Amnesty International Issues Travel Warning for U.S.

Foreign countries have taken action to protect their citizens by issuing warnings to travelers who have plans or are currently visiting America.


The advisory, published on Aug. 7, was “issued in light of ongoing high levels of gun violence in the [U.S.],” and calls on people worldwide “to exercise caution and have an emergency contingency plan when traveling throughout the USA.”

Amnesty International urged those traveling to the U.S. to:

  • “Be extra vigilant at all times and be aware of the ubiquity of firearms among the population.”
  • “Avoid places where large numbers of people gather, especially cultural events, places of worship, schools, and shopping malls.”
  • “Exercise increased caution when visiting local bars, nightclubs, and casinos.”

After news accounts reported that one of the mass shooting suspects had posted a manifesto to an online message board asserting that he was acting in response to an “invasion” of Hispanics across the southern border, two South American countries also issued travel advisories for the U.S.

On Aug. 5, the foreign ministry of Guatemala also warned its citizens about travel to the U.S. as follows:

The Foreign Ministry warns citizens traveling to the United States to take precautions against growing indiscriminate violence, mostly related to hate crimes, including racism and discrimination, which have cost the lives of more than 250 people in the first seven months of this year.

Given the impossibility of the authorities to prevent these situations, due to — among other factors — the indiscriminate possession of firearms by the population, it is especially advisable to avoid places where large concentrations of people gather, such as theme parks, shopping centers, art festival, places of worship, culinary fairs, and any kind of cultural or sporting events. In particular, it is recommended not to take minors to these places.

Likewise, it is suggested some cities which are among the 20 most dangerous in the world be avoided, such as Detroit (Michigan), Baltimore (Maryland) and Albuquerque (New Mexico), according to the Ceoworld Magazine 2019 index.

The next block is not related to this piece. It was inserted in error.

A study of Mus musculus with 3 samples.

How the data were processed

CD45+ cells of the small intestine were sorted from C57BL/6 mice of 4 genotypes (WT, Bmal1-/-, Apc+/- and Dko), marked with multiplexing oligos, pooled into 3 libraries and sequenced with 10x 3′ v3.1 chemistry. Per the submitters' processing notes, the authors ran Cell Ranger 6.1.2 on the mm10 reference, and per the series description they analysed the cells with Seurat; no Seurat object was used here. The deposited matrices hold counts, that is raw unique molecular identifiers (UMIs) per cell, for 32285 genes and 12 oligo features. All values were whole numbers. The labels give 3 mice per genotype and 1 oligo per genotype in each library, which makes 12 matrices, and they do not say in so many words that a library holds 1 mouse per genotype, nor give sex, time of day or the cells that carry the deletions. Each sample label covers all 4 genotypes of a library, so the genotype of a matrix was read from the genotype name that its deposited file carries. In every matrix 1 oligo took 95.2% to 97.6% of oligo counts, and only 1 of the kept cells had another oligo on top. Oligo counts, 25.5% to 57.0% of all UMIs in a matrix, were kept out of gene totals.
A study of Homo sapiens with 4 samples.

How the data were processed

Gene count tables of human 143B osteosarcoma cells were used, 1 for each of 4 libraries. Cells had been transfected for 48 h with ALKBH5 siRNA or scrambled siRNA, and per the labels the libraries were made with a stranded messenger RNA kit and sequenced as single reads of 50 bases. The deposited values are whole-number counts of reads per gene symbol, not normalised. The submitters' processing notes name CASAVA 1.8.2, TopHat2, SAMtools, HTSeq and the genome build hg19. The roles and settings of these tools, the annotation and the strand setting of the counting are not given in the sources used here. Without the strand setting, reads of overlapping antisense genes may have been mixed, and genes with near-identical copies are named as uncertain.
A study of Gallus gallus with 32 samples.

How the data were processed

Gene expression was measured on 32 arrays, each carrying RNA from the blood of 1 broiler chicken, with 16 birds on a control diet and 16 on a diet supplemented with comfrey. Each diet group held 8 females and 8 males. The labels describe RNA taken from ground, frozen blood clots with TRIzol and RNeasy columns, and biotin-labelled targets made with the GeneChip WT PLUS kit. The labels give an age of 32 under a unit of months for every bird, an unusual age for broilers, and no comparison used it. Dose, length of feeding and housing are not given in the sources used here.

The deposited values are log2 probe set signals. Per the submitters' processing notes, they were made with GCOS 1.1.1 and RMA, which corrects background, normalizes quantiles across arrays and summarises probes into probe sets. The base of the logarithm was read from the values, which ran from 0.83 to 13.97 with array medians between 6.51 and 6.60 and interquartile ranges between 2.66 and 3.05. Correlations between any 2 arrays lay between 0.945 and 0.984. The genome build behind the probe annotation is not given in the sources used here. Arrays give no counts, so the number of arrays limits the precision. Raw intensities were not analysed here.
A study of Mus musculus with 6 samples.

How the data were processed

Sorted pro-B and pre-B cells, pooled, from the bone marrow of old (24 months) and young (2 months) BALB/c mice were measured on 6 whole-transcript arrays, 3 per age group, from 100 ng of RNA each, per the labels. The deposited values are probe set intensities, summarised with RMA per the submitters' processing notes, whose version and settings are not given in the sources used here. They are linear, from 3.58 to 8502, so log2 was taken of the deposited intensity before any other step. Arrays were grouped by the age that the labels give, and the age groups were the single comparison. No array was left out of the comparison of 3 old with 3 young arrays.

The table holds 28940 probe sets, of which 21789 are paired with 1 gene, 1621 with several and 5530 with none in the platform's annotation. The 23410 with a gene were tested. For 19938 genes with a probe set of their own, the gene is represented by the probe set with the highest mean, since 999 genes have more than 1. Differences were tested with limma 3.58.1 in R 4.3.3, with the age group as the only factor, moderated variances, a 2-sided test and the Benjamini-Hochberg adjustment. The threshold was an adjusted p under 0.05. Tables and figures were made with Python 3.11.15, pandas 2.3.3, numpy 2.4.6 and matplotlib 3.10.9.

The Ministry of Foreign Affairs in Venezuela issued a similar advisory:

The Ministry of Foreign Affairs of Venezuela suggests that Venezuelan citizens planning to travel to the territory of the United States of America postpone their travel or, in any case, take precautions during the themselves, given the proliferation of acts of violence and crimes of indiscriminate hatred, expressed last weekend in the towns of El Paso, Texas and Dayton, Ohio, leaving a balance of 30 people dead and about 53 injured.

These growing acts of violence have been encouraged by speeches and actions full of racial discrimination and hatred against migrant populations, condoned by the supremacist elite who hold political power in Washington. This year alone, these actions have cost the lives of more than 250 people.

A fundamental factor to consider lies in the inexcusable indiscriminate possession of firearms by the population, also encouraged from the center of the federal government of that country, so it is especially advisable to avoid places where large crowds gather. In particular, it is recommended not to visit these places with minors.

It is important to warn that the security of Venezuelans and Venezuelans is at special risk, having been declared as an unusual and extraordinary threat to the national security of the United States of America since 2015.

Given all of the above, it is suggested above all to avoid visiting some cities that are among the 20 most dangerous in the world, such as Cleveland, Ohio; Detroit, Michigan; Baltimore, Maryland; St. Louis, Missouri; Oakland, California; Memphis, Tennessee; Birmingham, Alabama; Atlanta, Georgia; Stockton, and Buffalo, according to Forbes (2019).

According to the Los Angeles Times, the Japanese Consul in Detroit also published an alert warning that Japanese nationals “should be aware of the potential for gunfire incidents everywhere in the United States,” describing the U.S. as “a gun society.”